Most micrometer screws have four important parts: a handle, the calibrated screw, the frame, and an anvil. The frame holds the anvil at a distance from the screw. As the screw is twisted, it lessens or increases the distance between the end of the screw and the anvil, much like a vice. Some micrometer screws simply have a handle and the screw attached. It is held up against the object to be measured much like a ruler.
All micrometer screws are carefully manufactured so that the distance between the screw threads is the same down the entire length of the screw. That way, when the screw is twisted, it can give an accurate measurement. The base of the screw will be marked with lines showing each unit of measurement. When matched up with those on the handle of the micrometer screw, the user can see the measurements made.
A micrometer screw can have various attachments that can be screwed on and off in order to measure different objects. They also come in various designs to facilitate measuring different kinds of objects and distances. Individuals can purchase a micrometer screw to specifically measure widths, slits and holes. The screw can also measure depths, diameters, and the thicknesses of tubes. They are available in both metric and US systems of measurement.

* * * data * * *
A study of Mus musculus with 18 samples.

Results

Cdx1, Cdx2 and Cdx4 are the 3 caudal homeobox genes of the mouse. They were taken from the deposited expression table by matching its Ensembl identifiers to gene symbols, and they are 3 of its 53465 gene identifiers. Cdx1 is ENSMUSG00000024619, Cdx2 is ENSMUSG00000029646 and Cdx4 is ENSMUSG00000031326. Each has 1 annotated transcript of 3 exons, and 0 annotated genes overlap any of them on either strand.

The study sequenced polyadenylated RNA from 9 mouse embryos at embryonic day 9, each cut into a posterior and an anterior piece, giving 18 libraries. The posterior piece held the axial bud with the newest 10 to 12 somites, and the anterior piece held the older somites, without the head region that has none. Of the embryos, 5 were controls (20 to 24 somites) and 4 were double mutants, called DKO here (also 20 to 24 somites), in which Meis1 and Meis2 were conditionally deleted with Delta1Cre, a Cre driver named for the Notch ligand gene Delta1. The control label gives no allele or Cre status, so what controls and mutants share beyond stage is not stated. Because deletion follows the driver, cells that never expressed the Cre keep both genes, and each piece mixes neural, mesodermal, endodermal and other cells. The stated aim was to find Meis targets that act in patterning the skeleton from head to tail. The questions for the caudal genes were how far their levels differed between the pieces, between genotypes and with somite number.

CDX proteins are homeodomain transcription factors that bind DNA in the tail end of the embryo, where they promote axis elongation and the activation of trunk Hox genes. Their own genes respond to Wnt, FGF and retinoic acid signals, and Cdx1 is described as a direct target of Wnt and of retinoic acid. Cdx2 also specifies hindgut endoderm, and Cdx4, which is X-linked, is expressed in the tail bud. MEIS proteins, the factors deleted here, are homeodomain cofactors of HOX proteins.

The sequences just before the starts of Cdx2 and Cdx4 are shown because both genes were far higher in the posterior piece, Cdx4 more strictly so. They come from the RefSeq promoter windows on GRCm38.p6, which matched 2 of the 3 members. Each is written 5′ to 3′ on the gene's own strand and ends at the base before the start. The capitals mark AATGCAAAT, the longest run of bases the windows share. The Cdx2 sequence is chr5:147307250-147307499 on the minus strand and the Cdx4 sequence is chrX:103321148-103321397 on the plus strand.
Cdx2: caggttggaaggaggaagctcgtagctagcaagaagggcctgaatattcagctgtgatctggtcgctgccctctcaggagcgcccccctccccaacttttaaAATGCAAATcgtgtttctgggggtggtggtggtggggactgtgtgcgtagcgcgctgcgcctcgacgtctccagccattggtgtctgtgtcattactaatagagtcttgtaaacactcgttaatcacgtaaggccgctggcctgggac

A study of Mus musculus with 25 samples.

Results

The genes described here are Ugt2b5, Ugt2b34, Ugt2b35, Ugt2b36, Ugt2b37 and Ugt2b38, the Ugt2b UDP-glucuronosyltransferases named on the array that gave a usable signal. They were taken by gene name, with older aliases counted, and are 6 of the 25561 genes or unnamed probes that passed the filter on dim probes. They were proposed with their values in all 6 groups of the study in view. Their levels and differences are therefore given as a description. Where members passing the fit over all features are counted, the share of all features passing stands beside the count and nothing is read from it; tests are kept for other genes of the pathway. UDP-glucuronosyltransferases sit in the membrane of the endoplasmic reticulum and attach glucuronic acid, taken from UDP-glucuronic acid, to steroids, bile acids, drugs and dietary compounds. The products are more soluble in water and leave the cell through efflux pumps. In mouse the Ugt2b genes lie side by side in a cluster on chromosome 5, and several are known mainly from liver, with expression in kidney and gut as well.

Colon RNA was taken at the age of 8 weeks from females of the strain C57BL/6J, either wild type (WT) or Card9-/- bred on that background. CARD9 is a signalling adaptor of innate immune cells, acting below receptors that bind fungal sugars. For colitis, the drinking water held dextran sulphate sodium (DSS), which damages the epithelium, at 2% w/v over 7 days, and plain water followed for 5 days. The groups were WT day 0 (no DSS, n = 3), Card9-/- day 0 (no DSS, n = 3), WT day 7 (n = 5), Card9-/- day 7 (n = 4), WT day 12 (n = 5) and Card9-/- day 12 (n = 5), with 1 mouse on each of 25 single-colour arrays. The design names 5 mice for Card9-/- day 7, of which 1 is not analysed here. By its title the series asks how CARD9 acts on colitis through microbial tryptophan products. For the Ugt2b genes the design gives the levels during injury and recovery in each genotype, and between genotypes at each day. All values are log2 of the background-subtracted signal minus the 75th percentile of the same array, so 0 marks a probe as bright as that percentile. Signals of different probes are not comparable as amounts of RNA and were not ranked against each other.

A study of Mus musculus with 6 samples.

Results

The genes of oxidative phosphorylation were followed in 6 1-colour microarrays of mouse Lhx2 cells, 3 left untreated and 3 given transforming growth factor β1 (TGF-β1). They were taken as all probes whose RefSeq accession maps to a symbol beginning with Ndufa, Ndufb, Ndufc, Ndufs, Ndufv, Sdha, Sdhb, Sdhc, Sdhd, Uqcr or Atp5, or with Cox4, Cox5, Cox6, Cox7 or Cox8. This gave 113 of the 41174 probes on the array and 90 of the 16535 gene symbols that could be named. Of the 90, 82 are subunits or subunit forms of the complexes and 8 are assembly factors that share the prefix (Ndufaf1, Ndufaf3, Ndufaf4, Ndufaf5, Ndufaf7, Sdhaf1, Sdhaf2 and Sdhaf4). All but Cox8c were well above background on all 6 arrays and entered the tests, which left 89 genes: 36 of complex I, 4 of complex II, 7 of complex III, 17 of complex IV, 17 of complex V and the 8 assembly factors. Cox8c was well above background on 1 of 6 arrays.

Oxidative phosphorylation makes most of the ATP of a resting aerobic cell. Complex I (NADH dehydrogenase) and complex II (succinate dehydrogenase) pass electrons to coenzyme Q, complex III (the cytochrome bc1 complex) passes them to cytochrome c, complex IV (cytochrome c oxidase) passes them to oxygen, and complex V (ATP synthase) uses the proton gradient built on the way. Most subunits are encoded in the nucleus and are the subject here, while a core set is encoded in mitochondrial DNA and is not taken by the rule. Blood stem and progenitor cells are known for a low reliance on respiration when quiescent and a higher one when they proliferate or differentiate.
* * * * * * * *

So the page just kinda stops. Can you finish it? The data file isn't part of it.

A French astronomer named William Gascoigne is credited with creating the first working micrometer in the 1600s, though the concept existed before then. He used it to measure the distances between stars as could be seen through his telescope.
Before this, a sextant was used to measure the distance between the sun and the horizon for ship navigation. This was only a naked eye measurement, and Gascoigne realized that a much more accurate measurement could be taken through the use of a screw. With these measurements, he was then able to perform calculations related to the size of the planets and stars he was seeing in the sky. In time, the accuracy of the micrometer led to its development for measuring terrestrial objects. They began to be widely manufactured in the 1800s.